Mavericks' Cuban silent at SEC hearing

Dallas Mavericks owner Mark Cuban was uncharacteristically reserved in a federal courtroom Tuesday as he heard attorneys argue the merits of the U.S. Securities and Exchange Commission's case against him for insider trading.

Mark Cuban was uncharacteristically reserved when he appeared in a federal courtroom Tuesday to hear attorneys argue the merits of the U.S. Securities and Exchange Commission's case against him for insider trading.

Sitting in the front row of the gallery with members of his legal team, the Dallas Mavericks owner wore a black suit instead of a T-shirt and jeans, his game-night attire, and his mood rarely changed as he listened intently while attorneys spoke for and against his motion to have the case dismissed.

After the hour-long hearing, which ended without an immediate decision from U.S. District Judge Sidney A. Fitzwater, the normally animated and combative billionaire declined comment.

"Just write about how good I look in my suit," he said in the hallway outside the courtroom. "I haven't worn it in 20 years."

Later, as he prepared to drive away in a black Cadillac Escalade, he told reporters to note that he was "driving American" as well as a hybrid vehicle.

The hearing allowed attorneys to articulate arguments, sometimes in response to questions from Fitzwater, previously stated in motions and briefs since the suit's filing in November.

The SEC alleges that Cuban was involved in insider trading when he sold shares in an Internet search engine company, Inc., after receiving confidential information about a private offering in 2004.

Selling his 600,000 shares, which represented a 6.3 per cent stake in the company, allowed Cuban to avoid a loss of $750,000 US, according to the SEC.

Cuban's legal team doesn't acknowledge those facts as true.

But even if they are, Cuban's lawyers contend, he didn't engage in insider trading because he wasn't legally an "insider."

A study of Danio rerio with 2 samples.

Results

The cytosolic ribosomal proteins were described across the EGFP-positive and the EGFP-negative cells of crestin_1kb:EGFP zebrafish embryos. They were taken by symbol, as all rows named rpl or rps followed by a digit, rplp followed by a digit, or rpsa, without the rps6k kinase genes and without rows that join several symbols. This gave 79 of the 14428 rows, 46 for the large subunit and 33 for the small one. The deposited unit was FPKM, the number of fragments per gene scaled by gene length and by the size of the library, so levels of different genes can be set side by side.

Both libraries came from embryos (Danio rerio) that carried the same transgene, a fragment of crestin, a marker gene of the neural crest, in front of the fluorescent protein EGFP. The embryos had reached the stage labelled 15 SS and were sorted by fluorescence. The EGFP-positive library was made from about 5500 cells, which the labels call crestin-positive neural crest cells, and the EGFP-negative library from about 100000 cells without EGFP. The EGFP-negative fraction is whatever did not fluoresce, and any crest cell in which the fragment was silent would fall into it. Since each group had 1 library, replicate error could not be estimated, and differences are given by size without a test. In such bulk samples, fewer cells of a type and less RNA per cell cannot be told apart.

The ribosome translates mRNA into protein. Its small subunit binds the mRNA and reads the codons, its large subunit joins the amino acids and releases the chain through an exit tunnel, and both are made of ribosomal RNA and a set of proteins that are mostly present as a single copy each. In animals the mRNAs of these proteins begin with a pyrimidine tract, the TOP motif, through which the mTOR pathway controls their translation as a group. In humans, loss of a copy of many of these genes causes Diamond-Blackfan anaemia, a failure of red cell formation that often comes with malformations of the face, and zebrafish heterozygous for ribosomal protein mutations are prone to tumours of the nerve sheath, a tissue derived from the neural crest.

During the hearing, Cuban's attorney Ralph Ferrara said Supreme Court decisions make it clear that an "insider" is someone who had a pre-existing fiduciary duty or similar relationship with a company.

Because Cuban was simply an investor who allegedly promised confidentiality during a phone call, he isn't liable, Ferrara argued.

Ferrara accused the SEC of filing a "trimmed down" complaint aimed at defying the Supreme Court's rulings and extending the agency's reach.

"This is just the latest attempt by the SEC to remove itself from those bounds," he said.

SEC attorney Kevin O'Rourke countered by saying the case against Cuban is a "straight down the middle" use of insider trading laws.

Breaking a confidential agreement is "the type of deception and fraud securities laws were designed to reach," he said.

Fitzwater left the bench without comment after hearing the arguments.

Attorneys for Cuban said afterward they could not speculate on when the judge might deliver a written opinion.

Cuban filed his motion to dismiss in January, and later buttressed his argument with a brief signed by five respected law professors.

In its response, the SEC called Cuban "shameless" for attempting to say he could legally trade on confidential information.